January 24, 2012 |
Politicians bickering over private equity's impact on jobs and how to bring down the high unemployment rate are entirely missing the point about the crisis facing working Americans. The predicament we face isn't simply that there are too few jobs; it's also that an increasing number of workers don't have the kind of job that can pay the bills. While productivity has grown by more than 80% over the last 30 years, wages have effectively been flat for 80% of Americans. So, although we're making stuff faster and more efficiently, the benefits of that hard work have not trickled into the pockets of the people who do it. Let's turn first to the intensifying debate over Mitt Romney's role as a private equity manager.
May 22, 2010 |
California employers added jobs for the fourth straight month in April as the state's sluggish labor market continued to show signs of life. Payrolls increased by 14,200 in April, bringing the total number of jobs added this year to 56,400, according to the state Employment Development Department. Despite the gains, however, California companies still employ 1.3 million fewer people than they did when employment peaked in July of 2007. "It's certainly nothing to write home about, but it is fair to say we are growing again," said Stephen Levy, director of the Center for Continuing Study of the California Economy.
CALIFORNIA | LOCAL
April 25, 2012 |
California's population will grow more slowly in the next few decades than it has in the past - and that is good for the state's still-struggling economy, according to a new USC report. The study projects that the state's population, now 37.3 million, will continue to increase at a healthy clip - about 1% annually - for years to come. But at least through 2050, we are unlikely to see the boom rates of recent decades, especially the 1980s. "This is more manageable growth and that's good news for California," said Dowell Myers, a USC demography and urban planning professor who co-wrote the report with colleague John Pitkin.
December 2, 2009 |
As hotels and restaurants continue to bleed jobs, thousands of people are applying for newly opened positions, overwhelming hiring staff and pointing up how hard the recession has hit service-sector workers. Nearly 11,000 people have applied for 400 jobs at the swanky W Hollywood Hotel & Residences slated to open in Hollywood early next year. About 3,500 have applied for 550 openings at the new Ritz-Carlton Los Angeles near Staples Center. And it's not just happening in Southern California: Thousands have sought work at the new CityCenter project in Las Vegas, the Roosevelt Hotel in New Orleans and other properties across the country.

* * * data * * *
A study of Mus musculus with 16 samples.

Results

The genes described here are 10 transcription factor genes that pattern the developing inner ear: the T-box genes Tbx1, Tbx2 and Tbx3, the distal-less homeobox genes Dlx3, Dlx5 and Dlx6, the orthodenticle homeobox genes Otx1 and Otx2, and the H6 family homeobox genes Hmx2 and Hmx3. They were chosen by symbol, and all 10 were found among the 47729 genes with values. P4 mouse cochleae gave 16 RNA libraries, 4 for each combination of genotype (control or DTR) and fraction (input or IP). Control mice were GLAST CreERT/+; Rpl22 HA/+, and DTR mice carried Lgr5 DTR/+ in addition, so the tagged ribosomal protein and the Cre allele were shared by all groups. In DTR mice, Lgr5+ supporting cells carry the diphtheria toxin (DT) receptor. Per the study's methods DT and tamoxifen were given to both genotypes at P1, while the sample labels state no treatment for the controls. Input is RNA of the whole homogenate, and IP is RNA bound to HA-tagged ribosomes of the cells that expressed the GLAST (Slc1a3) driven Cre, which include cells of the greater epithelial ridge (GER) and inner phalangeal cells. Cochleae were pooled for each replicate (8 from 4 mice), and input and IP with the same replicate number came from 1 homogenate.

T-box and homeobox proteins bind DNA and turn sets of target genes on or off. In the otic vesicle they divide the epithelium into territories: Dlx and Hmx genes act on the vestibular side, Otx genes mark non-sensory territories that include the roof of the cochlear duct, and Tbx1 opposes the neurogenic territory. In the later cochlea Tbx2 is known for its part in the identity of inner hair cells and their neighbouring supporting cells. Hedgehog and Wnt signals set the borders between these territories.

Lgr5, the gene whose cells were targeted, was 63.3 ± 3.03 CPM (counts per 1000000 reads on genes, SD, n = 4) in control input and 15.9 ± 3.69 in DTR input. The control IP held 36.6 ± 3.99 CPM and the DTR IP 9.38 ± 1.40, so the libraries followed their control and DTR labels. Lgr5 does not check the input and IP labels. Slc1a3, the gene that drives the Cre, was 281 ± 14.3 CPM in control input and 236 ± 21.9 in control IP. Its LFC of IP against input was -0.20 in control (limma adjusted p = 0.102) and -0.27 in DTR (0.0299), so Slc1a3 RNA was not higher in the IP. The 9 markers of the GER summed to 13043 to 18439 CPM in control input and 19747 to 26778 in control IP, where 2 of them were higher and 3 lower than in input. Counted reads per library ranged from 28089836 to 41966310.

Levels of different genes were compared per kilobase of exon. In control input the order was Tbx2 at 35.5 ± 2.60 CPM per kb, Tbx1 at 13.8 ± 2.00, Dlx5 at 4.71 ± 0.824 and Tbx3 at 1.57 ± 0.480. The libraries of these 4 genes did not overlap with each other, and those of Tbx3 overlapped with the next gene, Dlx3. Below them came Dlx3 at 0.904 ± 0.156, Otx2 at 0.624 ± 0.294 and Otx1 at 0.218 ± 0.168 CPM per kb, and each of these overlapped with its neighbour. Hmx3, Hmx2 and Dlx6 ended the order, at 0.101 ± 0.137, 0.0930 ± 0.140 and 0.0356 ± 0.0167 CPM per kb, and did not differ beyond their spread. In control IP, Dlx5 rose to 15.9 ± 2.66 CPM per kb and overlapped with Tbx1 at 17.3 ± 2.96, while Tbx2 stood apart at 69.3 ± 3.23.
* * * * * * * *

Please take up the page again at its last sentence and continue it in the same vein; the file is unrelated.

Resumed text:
February 7, 2012 |
Need a new career? Consider working in apps. A new report commissioned by TechNet, a bipartisan and political network of technology CEOs, found that in the last five years, 466,000 jobs were created in the "App Economy" in the U.S. And even better? All indications are that the App Economy will only continue to grow. "Every major consumer-facing company, and many business-facing companies, has discovered that they need an app to be the public face of the business," writes Michael Mandel, the former chief economist of Business Week who authored the report . "In some sense, that makes the App Economy the construction sector of the 21st century, building a new front door to everyone's house and in some cases constructing a whole new house.
April 11, 2012 |
Software engineers have the best jobs, writing code for operating systems and apps at companies such as Apple and Facebook, according to a new CareerCast list. Lumberjacks, who deal with high unemployment and constant danger, aren't as lucky. The job search site ranked 200 jobs by considering factors such as work environment, income, stress levels, market outlook and physical demands: Is crawling or stooping involved? Toxic fumes or noise? Do employees work in a confined space? Is the position competitive?
October 29, 2009 |
A Colorado company said it created 4,231 jobs with the help of President Obama's economic recovery plan. The real number: fewer than 1,000. A child-care center in Florida said it saved 129 jobs with the help of stimulus money. Instead, it gave pay raises to its existing employees. Elsewhere in the U.S., some jobs credited to the stimulus program were counted two, three, four or even more times. The government has overstated by thousands the number of jobs it has created or saved with federal contracts under the president's $787-billion recovery program, according to an Associated Press review of data released in the program's first progress report.
April 4, 2012 |
Private companies in the U.S. added 209,000 workers in March, raising hopes that the employment market may be struggling a bit less. It's not an official government number - that comes out Friday and also includes public figures. But the ADP National Employment Report may lead analysts to issue more optimistic projections. The growth, though, is slower than in the previous month. February saw 230,000 jobs added, compared with the 182,000 positions tacked on in January.
CALIFORNIA | LOCAL
June 4, 2009
September 18, 2012 |
Navigating the job market without a college degree is harder than ever, but there are plenty of solid jobs in the U.S. that don't require degrees, according to a new report. Some 29 million so-called middle jobs - those with annual salaries of more than $35,000 but that don't require college degrees - exist in the U.S., according to a report from the Georgetown University Center on Education and the Workforce. That's 1 in 5 jobs. Of those, 11 million pay $50,000 or more a year.